The Fate of the Furious Review
Franchise domination is rampant in modern entertainment, and the current studio goals have consistently been to top every previous entry, with constant remakes, Marvel and DC, and Star Wars films all adopting an annual factory-style of filmmaking. One such film franchise has found recent global success and has managed to surprisingly stay relevant for 16 years, despite its lack of beloved source material or overblown superpowers. Through a consistency in entertaining absurdity, The Fast and the Furious franchise, dedicated to fast cars and familial bonds, has been able to compete in an impressive way since its 2001 conception. In 2015, following the death of Paul Walker, the franchise’s star, Furious 7 captured audiences on a global scale, and the film was both a financial and critical success. With the bar set exceedingly high, The Fate of the Furious had fan expectations and the increasing set-piece irrationality to live up to. Utilizing a stellar cast and a building momentum, does The Fate of the Furious continue the franchise’s entertaining success, or is it another forgettable entry from an unoriginal Hollywood?
The film follows Dominic Toretto (Vin Diesel), who is abruptly taken from his honeymoon in Cuba by Cipher (Charlize Theron) to begin stealing global super-weapons. During a confidential EMP heist orchestrated by Luke Hobbs (Dwayne Johnson), Dom steals the EMP from his own team and leaves Hobbs behind in the wreckage of his car, shocked and enraged. With Dom seemingly going rouge for an unknown cause, his former squad, mostly comprised of Letty (Michelle Rodriguez), Roman (Tyrese Gibson), and Tej (Chris “Ludacris” Bridges), must come together with Hobbs, Deckard Shaw (Jason Statham) and the government to stop this villainous force and hopefully save Dom from himself. With the Fast family going head-to-head, no one can truly win, and the fate of the family - and the world - is at stake.
The Fate of the Furious’ plot is convoluted, unoriginal, and uninteresting, especially when compared to the established Fast-storyline. At this point, the franchise has gone through so many basic ideas of conflict that this eighth film has been forced to retread some mysterious rogue-related roads, which causes the film to feel overly predictable. In addition to the repetitive plot points, the film has so many characters simultaneously competing for screen-time that it often feels overcrowded and unfocused. With such a large cast, no one character is given enough time to truly shine in the way they did in previous iterations. Gibson’s Roman and Ludacris’s Tej, both show-stealers in previous films, feel forgotten in this bloated cast of stars, and their banter throughout the film seems like an afterthought to appease longtime fans. Likewise, Theron as Cipher is wholly underutilized, with her character merely serving as a throw-away villain who violently types on a computer and calls it “hacking”. Throughout most of the film, it becomes difficult to find any one character to follow and support other than Diesel’s Dom. Sadly, Diesel’s inability to emote makes Dom the most monotonous character in the entire film, leaving the audience with little to care about for the 2-hour runtime.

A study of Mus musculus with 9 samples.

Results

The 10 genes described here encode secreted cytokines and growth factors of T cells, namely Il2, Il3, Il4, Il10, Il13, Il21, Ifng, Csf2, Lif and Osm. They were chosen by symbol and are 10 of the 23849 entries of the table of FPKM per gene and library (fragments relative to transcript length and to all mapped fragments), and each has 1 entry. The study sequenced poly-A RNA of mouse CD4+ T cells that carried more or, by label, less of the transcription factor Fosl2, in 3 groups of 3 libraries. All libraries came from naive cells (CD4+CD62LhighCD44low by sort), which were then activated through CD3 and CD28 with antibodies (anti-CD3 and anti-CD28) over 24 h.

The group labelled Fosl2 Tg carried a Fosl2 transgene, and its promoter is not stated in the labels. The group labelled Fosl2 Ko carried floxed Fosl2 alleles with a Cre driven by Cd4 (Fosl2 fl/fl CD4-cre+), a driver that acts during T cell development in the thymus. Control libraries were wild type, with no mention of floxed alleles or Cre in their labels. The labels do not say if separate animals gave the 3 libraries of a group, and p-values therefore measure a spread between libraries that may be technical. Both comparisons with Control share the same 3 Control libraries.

Despite the Fate of the Furious’ predictability and overcrowding, there is still some unintelligible enjoyment to be found. Fans of the franchise completely understand and accept the secondary nature of the plot, and those who love these films won’t care about Diesel’s lack of talent or the unnecessary inflation of the cast. To these fans, Fate’s plot must only be competent in its ability to deliver stunning and explosive set-pieces, which is truly the strongest aspect of these films. In this regard, The Fate of the Furious doubles down on the ridiculous racing, explosions, and fighting, and its commitment to cartoonish action is what makes the film even remotely watchable. There is something incredibly entertaining about watching a submarine break through the ice to send cars flying, and there is something intense about watching hacked self-driving cars smash through New York City. Every time The Fate of the Furious was losing steam with its dull plot, there would be a ridiculous action scene, like Dwayne Johnson’s prison break, to keep the film going.
Through this hilariously absurd action, The Fate of the Furious is able to deliver exactly what fans want, while doing nothing noteworthy to shake up the tired series for the future. It is a harmless and forgettable continuation that will surely find success among its large fan base and maintain the momentum of its predecessors, but with a lack of originality and resonance, the film fails to inspire anticipation for what is to come. The Fate of the Furious will undoubtedly please those that love fast cars, explosions, and one-liners, but it does little to bring in a new audience, and the formula can only sustain it for so long. Without any new roads to travel down, The Fate of the Furious leaves the series with a mediocre attempt to prolong the inevitable death of this franchise.